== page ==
Have you ever heard of African swine fever (ASF) caused by the African swine fever virus (ASFV)? A fourth of the world’s pigs have died from it just this year—half of all of China’s pigs—but like previous food animal pandemics, Big Meat has managed to keep it out of the news.
The only mainstream stories most people have read that touch on ASF deal with China’s pork reserves (like the US’s Strategic Petroleum Reserve says a New York Times piece that manages to dodge the disease itself) and trade implications of the pig disease. Questions about the pandemic disease potentials of intensive animal agriculture are skirted.
ASF originated in East Africa and reached Eastern Europe in 2007 where it is has remained. Since ASF’s outbreak in China last year in which half of the country’s pigs have died and another 1 million were culled, ASF has spread to Vietnam, Cambodia, Laos, North Korea, the Philippines, more of eastern Europe and even Belgium.
“It’s not a question of whether ASF reaches American shores, but when,” wrote Thomas Parsons, professor at the School of Veterinary Medicine, and Scott Michael Moore, China Program Director at the University of Pennsylvania, in the Hill this month. “Should the virus enter the U.S., your future as a pork producer would radically change,” warns Pork Business.
The ASF virus causes death in 1 to 8 days in acute cases and, in other animals, subclinical cases in which there are no symptoms. This allows the spread of the disease as animals and their meat are sold either deliberately or not.
This is not the first time that Big Meat has kept the facts of major animal pandemics away from consumers who likely would be turned off to their products. It also suppressed the facts about porcine epidemic diarrhea virus (PEDv) and avian flu.
By 2014, PEDv had killed 10 percent of the nation’s pigs, but Big Meat managed to prevent the public from seeing dumpsters full of dead pigs. If they saw photos, people might ask what is happening on industrial farms, why are so many animals sick and what drugs are they being given? (The drugs pigs are given to prevent diseases is stomach turning.) The PEDv scourge was so devastating, a Kentucky farm fed dead pigs to other pigs in an attempt to induce “immunity” in survivors.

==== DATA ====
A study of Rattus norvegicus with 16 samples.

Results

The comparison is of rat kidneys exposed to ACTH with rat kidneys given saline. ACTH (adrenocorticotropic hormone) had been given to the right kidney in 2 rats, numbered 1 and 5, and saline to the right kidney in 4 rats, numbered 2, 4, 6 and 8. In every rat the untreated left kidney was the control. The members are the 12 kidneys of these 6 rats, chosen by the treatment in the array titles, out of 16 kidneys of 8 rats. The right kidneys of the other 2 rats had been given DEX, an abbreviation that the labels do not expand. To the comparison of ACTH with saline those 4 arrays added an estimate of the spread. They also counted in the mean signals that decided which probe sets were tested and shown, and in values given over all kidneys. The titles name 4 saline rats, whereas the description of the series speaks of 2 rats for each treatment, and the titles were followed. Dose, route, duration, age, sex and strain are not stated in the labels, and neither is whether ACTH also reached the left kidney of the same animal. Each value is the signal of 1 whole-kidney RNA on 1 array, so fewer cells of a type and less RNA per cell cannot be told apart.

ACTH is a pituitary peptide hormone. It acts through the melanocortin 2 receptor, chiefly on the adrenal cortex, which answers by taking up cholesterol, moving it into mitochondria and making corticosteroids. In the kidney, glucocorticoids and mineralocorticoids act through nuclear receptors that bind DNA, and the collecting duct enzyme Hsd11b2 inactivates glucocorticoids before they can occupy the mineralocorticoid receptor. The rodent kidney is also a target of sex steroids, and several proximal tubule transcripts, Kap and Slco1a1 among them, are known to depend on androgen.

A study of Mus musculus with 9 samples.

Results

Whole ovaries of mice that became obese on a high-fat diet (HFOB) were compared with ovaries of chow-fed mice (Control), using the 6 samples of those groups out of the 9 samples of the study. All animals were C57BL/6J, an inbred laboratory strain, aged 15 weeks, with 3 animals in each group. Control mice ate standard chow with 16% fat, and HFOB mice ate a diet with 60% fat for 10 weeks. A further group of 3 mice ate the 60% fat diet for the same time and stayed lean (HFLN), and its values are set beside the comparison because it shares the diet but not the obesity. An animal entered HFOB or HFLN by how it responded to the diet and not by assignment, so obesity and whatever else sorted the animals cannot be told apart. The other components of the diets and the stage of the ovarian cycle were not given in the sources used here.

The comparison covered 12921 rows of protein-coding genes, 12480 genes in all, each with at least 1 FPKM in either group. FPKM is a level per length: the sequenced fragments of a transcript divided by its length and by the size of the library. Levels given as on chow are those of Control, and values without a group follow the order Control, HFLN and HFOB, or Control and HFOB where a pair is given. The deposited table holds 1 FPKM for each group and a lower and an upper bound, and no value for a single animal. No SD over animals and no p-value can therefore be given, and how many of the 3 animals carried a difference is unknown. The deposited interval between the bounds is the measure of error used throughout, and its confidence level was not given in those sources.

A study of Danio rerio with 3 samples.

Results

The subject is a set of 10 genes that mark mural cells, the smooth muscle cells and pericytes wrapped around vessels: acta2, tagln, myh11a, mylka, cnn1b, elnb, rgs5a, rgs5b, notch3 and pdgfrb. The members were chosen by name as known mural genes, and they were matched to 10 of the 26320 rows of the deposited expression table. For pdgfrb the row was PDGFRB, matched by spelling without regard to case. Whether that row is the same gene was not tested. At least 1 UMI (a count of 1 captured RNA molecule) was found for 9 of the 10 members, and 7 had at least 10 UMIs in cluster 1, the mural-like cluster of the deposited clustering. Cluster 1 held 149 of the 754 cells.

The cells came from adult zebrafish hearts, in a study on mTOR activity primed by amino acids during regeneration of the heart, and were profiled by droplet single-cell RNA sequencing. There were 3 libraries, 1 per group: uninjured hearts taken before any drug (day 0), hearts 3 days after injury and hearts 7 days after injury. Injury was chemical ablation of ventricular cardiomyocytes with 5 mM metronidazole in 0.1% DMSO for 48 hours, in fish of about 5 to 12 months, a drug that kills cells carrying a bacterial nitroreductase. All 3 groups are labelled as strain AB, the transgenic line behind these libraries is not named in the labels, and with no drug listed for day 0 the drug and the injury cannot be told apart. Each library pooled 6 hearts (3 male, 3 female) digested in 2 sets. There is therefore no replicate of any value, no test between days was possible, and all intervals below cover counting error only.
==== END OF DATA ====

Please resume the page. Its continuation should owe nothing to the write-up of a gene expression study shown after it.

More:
To combat PEDv the government gave $11.1 million of our tax dollars to private farmers who were “producers of infected herds.” Here’s a cheaper idea: how about giving them fresh air, room and no drugs?
Then there was U.S. bird flu. From 2014 through mid-2015, 48 million chickens and turkeys were killed in the U.S. to prevent the disease’s spread and protect farmer profits. Despite the carnage, the disease resurfaced in 2017. Again, Big Meat managed to keep images out of the public view.
It is easy to see why. To prevent the spread of bird flu, healthy, floor-reared turkeys and broiler chickens are herded into an enclosed area where they were administered propylene glycol foam to suffocate them. “Ventilation shutdown” is also used— raising the barn temperature to at least 104F for a minimum of three hours to kill the entire flock. “Round the clock incinerators and crews in hazmat suits,” were required for bird depopulation in 2015 reported Fortune.
When farm animal disease pandemics hit, it is not about the “price of bacon,” trade wars or farmer profits as mainstream media and Big Meat would have you believe. It is about a style of farming which egregiously harms animals, workers and the environment for a product that is about as good for you as cigarettes. The African swine fever is just the latest example.
Martha Rosenberg is a freelance journalist and the author of the highly acclaimed “Born With A Junk Food Deficiency: How Flaks, Quacks and Hacks Pimp The Public Health,” published by Prometheus Books. Check her Facebook page.